Keynote by Rear Admiral Carsten Stawitzki, Commandant of the Bundeswehr Command and Staff College, on challenges for NATO and German-American military cooperation. The Fellows presented the Defense Memo and received feedback in a conversation under the Chatham House Rule.
Followed by a Keynote by Niels Annen, Member of the German Parliament, Foreign Policy Spokesperson of the SPD Parliamentary Group, on transatlantic relations and German Foreign Policy. The Fellows presented their Memos on development policy and climate policy and received feedback from Mr. Annen followed by a reception in the Bundeswehr Command and Staff College in Hamburg.
The Trends: The following trends make borders less relevant as threats are more complex, transnational, and interconnected with non-traditional security issues. The classical conflict situation no longer applies, as the clear divide between peace and war has eroded.
- “Fake news”.
- Economic shifts and ripple effects on other sectors.
- 3D Printing.
- Globalization and Interdependence
- Climate Change and demographic trends: Potential impacts on migration.
The Answers: We have the mechanism (NATO) but need to revitalize.
- Defense Capabilities
- Comprehensive Security
- Common Values, Trust, and Reliability
- In delivering the message to policymakers, be direct, understandable, and relevant and retain attention.
- Intelligence sharing and cooperation is critical.
- Trust and reliability between partners is essential.
- Security should be comprehensive, and we need to define what that means.
- NATO used to be better at interoperability, and needs to remember this and improve going forward.
Written by: Ellen Scholl, who works on the intersection of energy and foreign policy at the German Institute for International and Security Affairs (SWP), and is a former Robert Bosch Fellow.
Another highlight on the first expedition day was the keynote speech of Niels Annen, Member of Parliament and Foreign Policy Spokesperson of the Social Democratic Party of Germany (SPD). A short intro on the city of Hamburg and its pillars of internationalism and military education was followed by a general speech on the foundations and baselines of transatlantic relations:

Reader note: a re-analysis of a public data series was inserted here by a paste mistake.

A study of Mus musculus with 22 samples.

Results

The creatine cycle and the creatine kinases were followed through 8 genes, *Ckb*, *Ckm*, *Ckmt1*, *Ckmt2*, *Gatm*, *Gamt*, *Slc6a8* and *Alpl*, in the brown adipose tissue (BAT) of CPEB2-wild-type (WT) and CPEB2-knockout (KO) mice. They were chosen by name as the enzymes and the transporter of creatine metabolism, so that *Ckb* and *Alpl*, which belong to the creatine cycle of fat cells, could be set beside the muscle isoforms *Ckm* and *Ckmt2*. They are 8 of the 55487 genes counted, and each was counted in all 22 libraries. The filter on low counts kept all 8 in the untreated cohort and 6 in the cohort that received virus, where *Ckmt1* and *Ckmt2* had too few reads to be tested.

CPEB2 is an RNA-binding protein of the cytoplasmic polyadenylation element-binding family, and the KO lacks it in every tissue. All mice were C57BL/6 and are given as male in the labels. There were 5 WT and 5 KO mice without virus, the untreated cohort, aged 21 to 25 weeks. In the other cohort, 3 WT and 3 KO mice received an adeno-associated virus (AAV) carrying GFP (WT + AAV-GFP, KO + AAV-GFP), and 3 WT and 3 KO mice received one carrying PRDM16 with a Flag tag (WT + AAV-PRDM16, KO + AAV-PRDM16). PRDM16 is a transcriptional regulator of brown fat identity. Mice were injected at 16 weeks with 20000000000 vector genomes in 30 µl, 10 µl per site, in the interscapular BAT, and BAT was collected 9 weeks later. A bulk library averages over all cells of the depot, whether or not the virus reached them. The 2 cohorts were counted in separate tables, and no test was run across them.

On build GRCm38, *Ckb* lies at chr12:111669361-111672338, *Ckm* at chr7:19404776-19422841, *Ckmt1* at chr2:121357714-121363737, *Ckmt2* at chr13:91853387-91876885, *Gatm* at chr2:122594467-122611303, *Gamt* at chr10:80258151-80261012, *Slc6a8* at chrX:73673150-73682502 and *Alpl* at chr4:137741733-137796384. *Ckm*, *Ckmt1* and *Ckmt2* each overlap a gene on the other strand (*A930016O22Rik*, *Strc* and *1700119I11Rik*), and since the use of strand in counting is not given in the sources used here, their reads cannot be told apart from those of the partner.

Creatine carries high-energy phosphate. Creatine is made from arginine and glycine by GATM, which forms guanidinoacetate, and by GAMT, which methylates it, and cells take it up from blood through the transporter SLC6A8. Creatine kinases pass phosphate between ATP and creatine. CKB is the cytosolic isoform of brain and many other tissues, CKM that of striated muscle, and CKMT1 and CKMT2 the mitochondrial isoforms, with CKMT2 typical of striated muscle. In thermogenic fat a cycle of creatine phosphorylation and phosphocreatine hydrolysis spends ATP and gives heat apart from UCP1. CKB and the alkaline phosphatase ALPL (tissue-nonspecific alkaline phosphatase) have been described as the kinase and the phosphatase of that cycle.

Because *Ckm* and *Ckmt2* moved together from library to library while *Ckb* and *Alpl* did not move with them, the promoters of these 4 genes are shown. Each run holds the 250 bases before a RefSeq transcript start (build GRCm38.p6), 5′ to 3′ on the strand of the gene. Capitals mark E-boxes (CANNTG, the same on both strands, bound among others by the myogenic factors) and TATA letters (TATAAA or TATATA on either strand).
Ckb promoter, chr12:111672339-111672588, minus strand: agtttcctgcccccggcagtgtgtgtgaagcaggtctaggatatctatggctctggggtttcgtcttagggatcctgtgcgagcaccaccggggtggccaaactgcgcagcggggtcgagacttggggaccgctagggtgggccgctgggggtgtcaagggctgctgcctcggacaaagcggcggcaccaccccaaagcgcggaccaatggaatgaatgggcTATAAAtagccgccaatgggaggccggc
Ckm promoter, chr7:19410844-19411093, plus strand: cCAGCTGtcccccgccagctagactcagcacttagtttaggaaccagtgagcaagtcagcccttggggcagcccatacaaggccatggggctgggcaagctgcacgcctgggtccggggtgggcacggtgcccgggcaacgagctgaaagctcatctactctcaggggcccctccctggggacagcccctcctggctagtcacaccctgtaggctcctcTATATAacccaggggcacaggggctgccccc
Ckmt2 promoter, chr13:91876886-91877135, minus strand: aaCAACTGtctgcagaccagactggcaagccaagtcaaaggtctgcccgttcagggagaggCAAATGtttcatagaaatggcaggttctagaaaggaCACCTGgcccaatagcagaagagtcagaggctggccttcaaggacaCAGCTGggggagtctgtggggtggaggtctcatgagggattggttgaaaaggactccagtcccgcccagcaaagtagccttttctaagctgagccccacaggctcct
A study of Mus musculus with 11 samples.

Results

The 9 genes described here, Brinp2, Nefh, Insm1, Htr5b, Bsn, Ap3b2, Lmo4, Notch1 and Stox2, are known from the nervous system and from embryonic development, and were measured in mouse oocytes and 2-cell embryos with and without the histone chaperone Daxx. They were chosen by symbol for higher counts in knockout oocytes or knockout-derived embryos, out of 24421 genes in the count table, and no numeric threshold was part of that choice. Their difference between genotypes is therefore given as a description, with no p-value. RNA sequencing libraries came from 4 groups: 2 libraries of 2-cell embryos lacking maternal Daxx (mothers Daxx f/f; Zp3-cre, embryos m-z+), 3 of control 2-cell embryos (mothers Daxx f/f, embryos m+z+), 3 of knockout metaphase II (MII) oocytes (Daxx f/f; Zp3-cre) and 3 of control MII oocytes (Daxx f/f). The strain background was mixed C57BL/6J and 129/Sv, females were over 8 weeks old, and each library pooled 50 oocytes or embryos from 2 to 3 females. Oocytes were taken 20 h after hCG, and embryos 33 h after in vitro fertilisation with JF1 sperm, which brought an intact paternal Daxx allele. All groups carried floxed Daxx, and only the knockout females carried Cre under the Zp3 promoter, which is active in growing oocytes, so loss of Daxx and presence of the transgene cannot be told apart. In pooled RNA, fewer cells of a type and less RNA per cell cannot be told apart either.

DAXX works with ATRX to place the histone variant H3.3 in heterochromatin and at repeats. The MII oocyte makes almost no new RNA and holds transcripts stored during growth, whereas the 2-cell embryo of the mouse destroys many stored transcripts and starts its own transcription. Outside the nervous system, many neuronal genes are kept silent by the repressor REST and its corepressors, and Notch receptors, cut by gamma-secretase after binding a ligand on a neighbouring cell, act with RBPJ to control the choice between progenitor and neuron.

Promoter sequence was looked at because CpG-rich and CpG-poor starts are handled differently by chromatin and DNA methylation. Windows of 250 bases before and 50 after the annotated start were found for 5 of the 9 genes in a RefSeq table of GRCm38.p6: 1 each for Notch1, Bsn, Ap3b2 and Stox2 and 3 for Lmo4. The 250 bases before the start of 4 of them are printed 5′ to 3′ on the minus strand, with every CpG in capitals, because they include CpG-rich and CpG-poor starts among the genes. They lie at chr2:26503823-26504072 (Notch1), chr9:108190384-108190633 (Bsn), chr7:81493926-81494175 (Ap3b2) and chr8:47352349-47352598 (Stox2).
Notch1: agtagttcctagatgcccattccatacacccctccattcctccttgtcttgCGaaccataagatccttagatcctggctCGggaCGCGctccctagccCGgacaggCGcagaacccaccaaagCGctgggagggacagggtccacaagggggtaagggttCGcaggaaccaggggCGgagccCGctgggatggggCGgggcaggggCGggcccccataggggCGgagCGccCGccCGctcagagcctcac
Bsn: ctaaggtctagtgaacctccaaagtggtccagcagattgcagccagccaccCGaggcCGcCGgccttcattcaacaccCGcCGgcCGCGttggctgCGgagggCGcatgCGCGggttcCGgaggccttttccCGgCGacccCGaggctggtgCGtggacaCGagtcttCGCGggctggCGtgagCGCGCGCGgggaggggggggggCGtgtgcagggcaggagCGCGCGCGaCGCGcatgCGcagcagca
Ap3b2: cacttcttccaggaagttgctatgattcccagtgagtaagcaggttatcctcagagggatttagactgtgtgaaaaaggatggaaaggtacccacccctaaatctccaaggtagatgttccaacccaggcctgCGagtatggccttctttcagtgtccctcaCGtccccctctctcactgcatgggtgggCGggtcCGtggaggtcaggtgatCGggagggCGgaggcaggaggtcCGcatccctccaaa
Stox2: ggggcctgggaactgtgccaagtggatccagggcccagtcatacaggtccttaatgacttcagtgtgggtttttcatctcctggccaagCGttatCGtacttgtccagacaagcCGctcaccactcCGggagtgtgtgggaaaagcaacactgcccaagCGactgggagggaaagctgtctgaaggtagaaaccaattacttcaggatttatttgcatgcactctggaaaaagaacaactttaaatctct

Historically, a big part of the success of transatlantic relations lies in the lessons Germany learnt during the world wars. Ever since, transatlantic relations have been a success story, particularly in the field of security and from the 1960s “Westorientierung” (orientation towards the west) on. Although certain conflicts opposed key politicians, the raison d’être of the alliance and a general support was never put into questions (e.g. during the Iraq debate).
The prevalence of democracy is an indicator for the existence of an alliance of values. EU and US are also challenged from the outside by that standard. Annen elaborated on two key challenges for the transatlantic alliance: Firstly, the relationship to Russia, a country challenging the current rule-based global order. Instead of a revolution, Annen pleas for step-by-step reforms.
Secondly, the non-existence of a stable global structure: Since the end of the Cold War, we are in a process of transition. While the EU is in perpetual search of reliable partners, the current US administration is unpredictable, and unconditional support is no more guaranteed.
In which view does the new US-administration challenge the transatlantic partnership at core points: The main concerns are the insecurity when it comes to knowing the stance on the relation as well as to who exactly takes the decisions. We should hope for the best, but fear the worst: That not only Russia but also the US try to disintegrate the European community.
Annen’s opinion on stepping up defense spending: Germany has witnessed an increase in foreign policy leadership thanks to converging positions of the ruling parties CDU and SPD. However, Germany’s leadership role is confined to the refugees, diplomacy, and Ukraine: leading from behind. Germany could never take a US-like leadership role. The most important resource of Germany is trust, which is why not every expectation can or should be fulfilled.
Climate Change Memo / Ellen Scholl
Main Feedback: The reduced budget in the US will pose a problem to the suggestions and to climate change efforts. While the Paris agreement is a major step, we cannot be sure whether the US administration sticks to it. Agrees with the sister city projects: cities are becoming global actors, Hamburg has partnerships in electric efficiency, transportation.
Development, Migration and Integration Memo / Mpaza Kapembwa and Tim Fingerhut
Main Feedback: UNHCR and WFP must receive a better funding, which worked well in 2017 thanks to German and US increased spending. Main problems: Germany is losing partners when it comes to redistribution efforts. The problem about the Marshall plan for Africa is lacking cooperation and communication with African states, corruption, and a wrong approach for growing (and not destroyed) economies.